I am hesitant to even post about this because I’m almost certain I’ll receive a slew of spam messages and emails asking me if I’m interested in refinancing…but, I feel it’s necessary given the purpose of this blog. So here goes it.
We have wanted to refinance for a while. For 1, my husband originally purchased the house 4 years ago and had a high interest rate (like, really high)…and 2, we wanted to do a cash out option to put some money back into the house. FYI, another alternative to cash-out would be a home-equity loan, but sometimes these can have higher interest rates and other terms that weren’t ideal for us. Since we wanted to refinance already, it made sense to pull equity from the value of the home and invest back into the improvements.
It’s been a long process and we’re just finishing it up (a month later). Such is the case with any such loan or financial obligation. The paperwork is insane. It’s taken me weeks to get everything together, and often times there were deadlines that required me to get all of the information together quickly….so, here are some tips on how to make the refinancing process much, MUCH easier on yourself.
To-Do In Advance:
- Check for the best rates: Use bankrate.com and then gather some rate quotes to find the best lender. Keep in mind that any inquiry on your credit report will show up on your report so, it can have an impact on your score.
- Check your credit report: Review any negative accounts and determine what these entries are and why they are in collections. You’ll likely have to explain these to the mortgage company, but you might also be in the position to pay these off and clear them from your report- to improve your score.
- Organize your financial paperwork and other documentation: you’ll need to provide W2’s, paystubs, and other proof of assets and liabilities. It’s best to get these together in advance so that you’re prepared for whatever they ask from you…it can be a lot.
Starting the Process:
- Complete the Application: Once you’ve found a mortgage lender (and you’ve done your research about them and their rates) it’s time to start the application process. You’ll be asked to provide details about yourself and your property. I found it helpful to pull my property record from the county auditor’s website- it’s gives you some valuable details about your property (some of which you might not have recorded anywhere else).
- Review other Important Documents: The lender should also provide you with several other important documents (required by law), which you should carefully review before moving forward. For example, you should receive a Truth in Lending statement and a Good Faith Estimate- visit the Consumer Financial Protection Bureau for more information about these documents.
- Title Services: You’ll have to work with a title company, often time determined by your mortgage lender, who will be responsible for making sure a property title is legitimate, so that the buyer may be confident that once he buys a property, he is the rightful owner of the property. They review property records, review the title, issue insurance policies (when necessary), facilitate closings, and file and record paperwork with the city etc.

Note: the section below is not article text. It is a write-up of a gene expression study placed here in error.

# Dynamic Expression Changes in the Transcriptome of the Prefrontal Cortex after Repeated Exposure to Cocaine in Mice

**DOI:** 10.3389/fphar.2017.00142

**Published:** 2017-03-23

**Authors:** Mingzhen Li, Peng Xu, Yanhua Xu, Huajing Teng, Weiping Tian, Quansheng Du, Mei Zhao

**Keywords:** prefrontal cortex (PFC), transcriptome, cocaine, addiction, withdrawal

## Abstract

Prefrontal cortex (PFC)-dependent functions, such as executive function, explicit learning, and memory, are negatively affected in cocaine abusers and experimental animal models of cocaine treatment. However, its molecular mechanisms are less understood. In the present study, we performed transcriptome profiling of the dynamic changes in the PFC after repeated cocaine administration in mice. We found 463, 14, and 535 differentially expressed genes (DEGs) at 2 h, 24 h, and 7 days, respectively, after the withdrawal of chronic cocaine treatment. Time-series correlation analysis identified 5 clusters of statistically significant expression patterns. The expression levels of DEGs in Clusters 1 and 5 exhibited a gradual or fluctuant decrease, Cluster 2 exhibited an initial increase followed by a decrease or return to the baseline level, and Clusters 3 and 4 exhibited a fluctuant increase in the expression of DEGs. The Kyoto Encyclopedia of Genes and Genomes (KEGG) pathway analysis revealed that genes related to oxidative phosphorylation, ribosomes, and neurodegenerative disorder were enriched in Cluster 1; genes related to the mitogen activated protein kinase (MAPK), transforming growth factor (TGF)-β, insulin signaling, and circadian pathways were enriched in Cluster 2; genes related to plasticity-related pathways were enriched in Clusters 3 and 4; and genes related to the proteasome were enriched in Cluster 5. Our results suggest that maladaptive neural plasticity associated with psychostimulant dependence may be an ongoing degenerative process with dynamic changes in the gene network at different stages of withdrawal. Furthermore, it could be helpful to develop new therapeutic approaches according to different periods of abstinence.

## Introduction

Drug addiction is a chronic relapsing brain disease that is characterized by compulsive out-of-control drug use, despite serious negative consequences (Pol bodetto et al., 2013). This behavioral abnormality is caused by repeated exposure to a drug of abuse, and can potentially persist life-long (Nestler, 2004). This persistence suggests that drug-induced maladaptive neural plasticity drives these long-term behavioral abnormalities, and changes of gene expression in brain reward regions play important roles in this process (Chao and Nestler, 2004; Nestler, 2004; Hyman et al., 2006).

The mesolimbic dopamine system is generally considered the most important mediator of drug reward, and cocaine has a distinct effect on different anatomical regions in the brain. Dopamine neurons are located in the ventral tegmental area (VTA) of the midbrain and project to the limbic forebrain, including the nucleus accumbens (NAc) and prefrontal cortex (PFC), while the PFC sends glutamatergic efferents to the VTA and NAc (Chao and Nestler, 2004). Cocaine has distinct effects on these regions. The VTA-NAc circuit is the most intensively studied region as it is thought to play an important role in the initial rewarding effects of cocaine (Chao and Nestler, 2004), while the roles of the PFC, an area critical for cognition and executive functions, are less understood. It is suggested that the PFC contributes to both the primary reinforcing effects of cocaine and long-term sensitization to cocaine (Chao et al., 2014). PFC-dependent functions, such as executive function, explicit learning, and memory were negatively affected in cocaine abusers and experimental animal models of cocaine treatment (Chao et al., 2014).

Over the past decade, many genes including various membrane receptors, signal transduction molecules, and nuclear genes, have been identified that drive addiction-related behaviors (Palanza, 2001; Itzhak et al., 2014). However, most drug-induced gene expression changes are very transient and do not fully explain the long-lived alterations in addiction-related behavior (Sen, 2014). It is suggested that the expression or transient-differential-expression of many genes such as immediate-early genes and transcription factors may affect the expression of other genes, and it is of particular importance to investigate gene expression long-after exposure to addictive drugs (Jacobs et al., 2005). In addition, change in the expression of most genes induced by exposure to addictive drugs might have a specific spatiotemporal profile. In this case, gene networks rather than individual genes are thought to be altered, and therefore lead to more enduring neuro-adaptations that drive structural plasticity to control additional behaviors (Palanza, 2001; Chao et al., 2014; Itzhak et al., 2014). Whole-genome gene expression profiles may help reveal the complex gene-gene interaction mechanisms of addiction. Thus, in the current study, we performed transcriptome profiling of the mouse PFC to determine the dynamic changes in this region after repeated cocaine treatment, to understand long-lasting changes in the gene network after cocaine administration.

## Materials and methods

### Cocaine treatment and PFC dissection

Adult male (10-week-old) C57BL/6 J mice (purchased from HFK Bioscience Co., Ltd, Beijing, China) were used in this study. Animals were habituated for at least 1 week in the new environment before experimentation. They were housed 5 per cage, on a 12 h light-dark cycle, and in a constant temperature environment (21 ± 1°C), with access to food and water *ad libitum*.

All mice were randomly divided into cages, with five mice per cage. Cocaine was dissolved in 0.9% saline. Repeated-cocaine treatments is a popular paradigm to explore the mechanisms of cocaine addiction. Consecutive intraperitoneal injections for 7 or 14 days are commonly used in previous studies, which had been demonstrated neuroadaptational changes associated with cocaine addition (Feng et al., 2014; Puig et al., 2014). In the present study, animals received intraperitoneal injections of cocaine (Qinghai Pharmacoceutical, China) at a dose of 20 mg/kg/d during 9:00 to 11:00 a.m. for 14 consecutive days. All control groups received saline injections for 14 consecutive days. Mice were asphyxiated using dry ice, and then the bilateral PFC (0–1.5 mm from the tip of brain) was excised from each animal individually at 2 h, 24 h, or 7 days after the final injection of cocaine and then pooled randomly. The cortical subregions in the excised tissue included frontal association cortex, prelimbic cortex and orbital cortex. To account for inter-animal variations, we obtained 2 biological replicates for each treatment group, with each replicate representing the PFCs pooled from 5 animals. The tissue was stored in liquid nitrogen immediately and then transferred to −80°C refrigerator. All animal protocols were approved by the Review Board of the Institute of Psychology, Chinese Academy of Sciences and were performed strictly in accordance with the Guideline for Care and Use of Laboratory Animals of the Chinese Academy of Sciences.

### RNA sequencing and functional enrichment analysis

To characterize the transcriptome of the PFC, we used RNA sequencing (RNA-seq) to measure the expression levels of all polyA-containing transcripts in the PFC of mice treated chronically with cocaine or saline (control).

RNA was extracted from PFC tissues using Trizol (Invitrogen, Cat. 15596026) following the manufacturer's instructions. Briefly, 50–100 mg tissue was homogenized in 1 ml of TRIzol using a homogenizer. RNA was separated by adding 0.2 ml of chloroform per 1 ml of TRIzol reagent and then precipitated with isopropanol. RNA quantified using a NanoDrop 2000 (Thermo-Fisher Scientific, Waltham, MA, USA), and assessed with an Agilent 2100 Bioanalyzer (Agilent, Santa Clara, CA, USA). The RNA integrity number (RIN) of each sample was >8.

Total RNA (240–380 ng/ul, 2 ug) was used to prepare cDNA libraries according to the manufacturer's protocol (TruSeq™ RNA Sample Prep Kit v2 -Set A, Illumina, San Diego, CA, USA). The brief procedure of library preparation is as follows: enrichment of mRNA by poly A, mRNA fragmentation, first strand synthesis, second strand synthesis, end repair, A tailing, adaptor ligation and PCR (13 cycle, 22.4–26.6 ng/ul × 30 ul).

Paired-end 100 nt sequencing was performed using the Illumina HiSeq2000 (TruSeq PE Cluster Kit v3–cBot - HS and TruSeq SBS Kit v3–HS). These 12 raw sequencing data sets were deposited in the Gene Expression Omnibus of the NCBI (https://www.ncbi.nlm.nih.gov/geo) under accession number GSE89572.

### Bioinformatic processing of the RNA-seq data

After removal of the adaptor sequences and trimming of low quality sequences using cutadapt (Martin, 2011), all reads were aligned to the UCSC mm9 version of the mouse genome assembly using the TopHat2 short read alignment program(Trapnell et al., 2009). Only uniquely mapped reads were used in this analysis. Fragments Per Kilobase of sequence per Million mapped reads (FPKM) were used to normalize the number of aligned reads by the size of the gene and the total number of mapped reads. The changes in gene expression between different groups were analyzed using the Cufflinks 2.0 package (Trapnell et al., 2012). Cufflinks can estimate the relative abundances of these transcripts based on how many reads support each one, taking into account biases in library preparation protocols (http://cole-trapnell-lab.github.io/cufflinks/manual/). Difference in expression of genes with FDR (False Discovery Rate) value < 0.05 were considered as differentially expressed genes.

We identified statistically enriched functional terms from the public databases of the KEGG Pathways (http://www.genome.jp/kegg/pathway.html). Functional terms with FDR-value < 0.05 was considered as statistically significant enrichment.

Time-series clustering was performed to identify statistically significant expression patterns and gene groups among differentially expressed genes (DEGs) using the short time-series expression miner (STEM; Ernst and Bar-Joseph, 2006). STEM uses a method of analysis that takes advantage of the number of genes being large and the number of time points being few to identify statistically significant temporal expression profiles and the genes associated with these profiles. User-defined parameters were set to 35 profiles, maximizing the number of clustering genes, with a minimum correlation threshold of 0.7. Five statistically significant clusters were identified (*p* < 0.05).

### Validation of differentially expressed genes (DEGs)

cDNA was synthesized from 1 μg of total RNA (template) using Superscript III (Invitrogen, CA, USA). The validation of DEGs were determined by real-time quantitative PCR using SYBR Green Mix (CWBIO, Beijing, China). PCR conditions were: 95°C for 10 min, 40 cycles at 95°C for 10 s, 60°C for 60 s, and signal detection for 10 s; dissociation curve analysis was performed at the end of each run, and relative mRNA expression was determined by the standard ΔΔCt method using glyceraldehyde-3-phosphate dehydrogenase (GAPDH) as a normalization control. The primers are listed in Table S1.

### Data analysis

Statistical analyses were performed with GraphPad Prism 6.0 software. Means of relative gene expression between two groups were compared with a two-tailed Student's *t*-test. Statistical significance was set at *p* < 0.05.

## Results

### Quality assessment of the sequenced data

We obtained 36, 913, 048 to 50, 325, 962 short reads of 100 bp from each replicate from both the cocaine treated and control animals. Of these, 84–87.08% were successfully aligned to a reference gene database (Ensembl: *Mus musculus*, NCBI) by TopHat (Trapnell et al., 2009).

- Appraisal and/or Inspections: You’ll most definitely have to get an appraisal, something most mortgage lenders will facilitate for you, and you might also have to get an inspection (either a complete home inspection or a pest inspection). The cost for these may be part of your closing costs, or you may be required to pay for them separately. Make sure you know ahead of time how these are to be paid…some mortgage lenders may allow you to shop around for the best prices for these services, allowing you to choose the vendor yourself.
- Submit Documentation: As I mentioned above, you’ll be required to provide proof of income, assets and explain any liabilities, including those that appear on your credit report. Click here to see a list of some of these documents/information.
- Submit your Application: Once the application is complete and you’ve reviewed and signed the important documents, you’ll submit the entire packet to consent to the terms of the loan. A Loan Processor will review everything to make sure that it’s complete and then they will submit to an underwriter who will make the final decision on whether your application is approved.
Once the underwriter has approved your loan and supporting documents, you’ll work with the title company to setup a closing date. At closing, or just before, you should receive a HUD-1 Settlement Statement and any other disclosures required by state law. Also, your mortgage servicer will establish an Escrow to manage your monthly payments- they will provide you with an Initial Escrow Statement which will outline estimated taxes, insurance premiums, etc. Lastly, you’ll review your final closing costs and sign paperwork to finalize the loan and agreement.
As I said, it’s a time-consuming process, but in most cases it’s worth it. We’re hopeful that we’ll be able to use some of the cash to make the necessary updates and improvements in our home…increasing it’s overall value.
Disclosure: I am not a mortgage expert or broker nor am I a financial advisor or affiliated with any such job or service. The information I provided above was based on my personal experience in refinancing and it may vary by individual, state or mortgage lender. Please consult with a professional before starting the mortgage or refinance process.